Autonomous vehicles

Mobileye, a profitable autonomous driving company, files for IPO

The Intel-owned unit netted $460 million last year, on ~$1.4 billion in revenue.


The company, which Intel acquired for ~$15 billion in 2017, confidentially filed its S-1, Intel announced on Monday. Intel initially announced its intentions to take the unit public in December, and it expects to retain majority ownership post-IPO.

Why it matters: Mobileye is a rare autonomous-vehicle company with an already promising business model, generating not only revenue but that ever-elusive financial metric: profit.

  • In 2021, Mobileye's operating income was $460 million, and it made just under $1.4 billion in revenue. Its 2020 operating income was ~$240 million, and it was also in the green the previous two years.
  • For comparison, Aurora, an autonomous-vehicle company that SPAC’d in November, had revenue of $82.5 million in 2021 but net losses of $755 million.

Mobileye’s mojo: Mobileye’s business success is in part because it isn’t waiting to perfect L4 or L5 autonomy before monetizing its tech. The company sells advanced driver-assistance systems (ADAS), which enables things like smart braking or object detection, to automakers like VW, Nissan, and BMW.

  • Once upon a time, it even supplied ADAS tech to Tesla.

Mobileye claims its ADAS is in 60+ million vehicles today, and says it uses this revenue stream to fund its attempts to achieve full autonomy. Mobileye is testing its self-driving platform in Detroit, Munich, New York City, and in Israel, where it was founded.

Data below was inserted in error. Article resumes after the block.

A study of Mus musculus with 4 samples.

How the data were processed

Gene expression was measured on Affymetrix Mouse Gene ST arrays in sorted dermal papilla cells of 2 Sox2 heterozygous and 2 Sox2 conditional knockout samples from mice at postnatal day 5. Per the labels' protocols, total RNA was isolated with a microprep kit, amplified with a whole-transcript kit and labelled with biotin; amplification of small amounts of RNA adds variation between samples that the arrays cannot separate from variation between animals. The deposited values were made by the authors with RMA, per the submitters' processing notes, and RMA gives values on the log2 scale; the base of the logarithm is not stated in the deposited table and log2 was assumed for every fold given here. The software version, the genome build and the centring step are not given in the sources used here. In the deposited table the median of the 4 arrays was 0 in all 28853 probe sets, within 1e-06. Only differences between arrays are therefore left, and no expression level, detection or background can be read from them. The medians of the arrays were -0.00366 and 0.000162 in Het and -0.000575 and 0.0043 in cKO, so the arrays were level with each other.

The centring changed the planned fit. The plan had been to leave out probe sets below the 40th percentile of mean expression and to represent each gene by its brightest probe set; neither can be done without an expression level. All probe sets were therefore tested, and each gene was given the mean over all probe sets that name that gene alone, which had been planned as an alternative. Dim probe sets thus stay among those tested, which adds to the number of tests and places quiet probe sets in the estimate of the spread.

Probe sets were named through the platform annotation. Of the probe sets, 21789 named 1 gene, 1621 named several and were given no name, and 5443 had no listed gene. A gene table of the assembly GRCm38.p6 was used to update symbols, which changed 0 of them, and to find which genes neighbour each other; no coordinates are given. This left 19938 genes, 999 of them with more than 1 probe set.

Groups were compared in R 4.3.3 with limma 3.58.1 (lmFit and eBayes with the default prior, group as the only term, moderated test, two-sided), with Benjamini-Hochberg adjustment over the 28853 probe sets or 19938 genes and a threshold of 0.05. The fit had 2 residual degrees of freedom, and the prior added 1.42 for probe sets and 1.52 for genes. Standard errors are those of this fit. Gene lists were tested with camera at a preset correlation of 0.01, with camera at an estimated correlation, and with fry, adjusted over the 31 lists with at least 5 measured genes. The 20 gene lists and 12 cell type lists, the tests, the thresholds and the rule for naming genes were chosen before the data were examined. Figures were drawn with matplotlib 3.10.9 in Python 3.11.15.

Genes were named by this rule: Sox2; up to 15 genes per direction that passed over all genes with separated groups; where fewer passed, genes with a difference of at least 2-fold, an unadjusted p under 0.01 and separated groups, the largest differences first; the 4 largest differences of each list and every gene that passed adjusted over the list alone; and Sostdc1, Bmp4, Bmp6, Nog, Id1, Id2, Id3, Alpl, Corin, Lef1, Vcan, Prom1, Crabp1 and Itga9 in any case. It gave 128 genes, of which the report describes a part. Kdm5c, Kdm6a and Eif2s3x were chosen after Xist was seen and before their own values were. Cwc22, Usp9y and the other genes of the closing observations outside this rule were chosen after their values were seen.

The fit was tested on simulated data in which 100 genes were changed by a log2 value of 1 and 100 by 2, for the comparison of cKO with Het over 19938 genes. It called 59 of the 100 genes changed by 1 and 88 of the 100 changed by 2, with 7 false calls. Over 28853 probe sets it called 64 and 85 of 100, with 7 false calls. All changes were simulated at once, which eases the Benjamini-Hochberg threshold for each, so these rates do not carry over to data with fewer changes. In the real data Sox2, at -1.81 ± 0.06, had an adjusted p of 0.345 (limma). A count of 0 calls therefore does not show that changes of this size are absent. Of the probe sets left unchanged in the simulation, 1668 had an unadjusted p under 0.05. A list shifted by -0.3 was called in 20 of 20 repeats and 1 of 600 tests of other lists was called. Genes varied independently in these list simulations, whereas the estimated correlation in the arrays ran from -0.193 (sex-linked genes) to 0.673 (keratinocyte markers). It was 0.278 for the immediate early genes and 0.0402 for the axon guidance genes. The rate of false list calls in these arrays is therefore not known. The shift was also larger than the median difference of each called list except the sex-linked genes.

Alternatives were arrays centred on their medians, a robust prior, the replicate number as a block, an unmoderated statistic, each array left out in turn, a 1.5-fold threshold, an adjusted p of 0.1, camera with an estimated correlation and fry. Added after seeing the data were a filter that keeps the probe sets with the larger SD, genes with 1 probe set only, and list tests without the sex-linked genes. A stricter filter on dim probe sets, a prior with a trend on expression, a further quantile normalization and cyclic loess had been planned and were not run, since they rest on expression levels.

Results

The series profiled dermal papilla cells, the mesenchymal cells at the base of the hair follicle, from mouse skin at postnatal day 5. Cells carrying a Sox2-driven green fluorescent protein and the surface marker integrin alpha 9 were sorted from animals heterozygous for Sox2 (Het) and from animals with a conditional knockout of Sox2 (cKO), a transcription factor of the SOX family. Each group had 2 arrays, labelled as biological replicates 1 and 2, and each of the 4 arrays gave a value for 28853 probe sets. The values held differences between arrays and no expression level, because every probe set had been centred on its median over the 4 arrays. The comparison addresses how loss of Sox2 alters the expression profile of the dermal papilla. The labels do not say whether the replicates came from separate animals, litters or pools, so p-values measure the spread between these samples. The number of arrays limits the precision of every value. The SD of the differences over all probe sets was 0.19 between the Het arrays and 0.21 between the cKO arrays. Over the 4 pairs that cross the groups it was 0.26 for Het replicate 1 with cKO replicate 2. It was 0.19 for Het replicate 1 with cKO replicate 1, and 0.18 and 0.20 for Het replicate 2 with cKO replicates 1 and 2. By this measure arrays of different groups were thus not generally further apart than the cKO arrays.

• The company takes a twin approach to autonomy: It’s attempting to build an autonomous vehicle that can function with a camera alone, à la Tesla, and also creating a radar- and lidar-based AV. The plan is to eventually combine these systems into an AV packed to the brim with the good kind of redundancies.
  • It’s not unusual for AV-makers to use all three of these vision technologies—camera, lidar, and radar—but the approach of building two fully independent systems is.

Looking ahead…The Wall Street Journal reported in December that the company could fetch up to a $50 billion valuation, and Intel CEO Pat Gelsinger said at the time that the company would use some of the cash from the transaction to fund the buildout of semiconductor plants.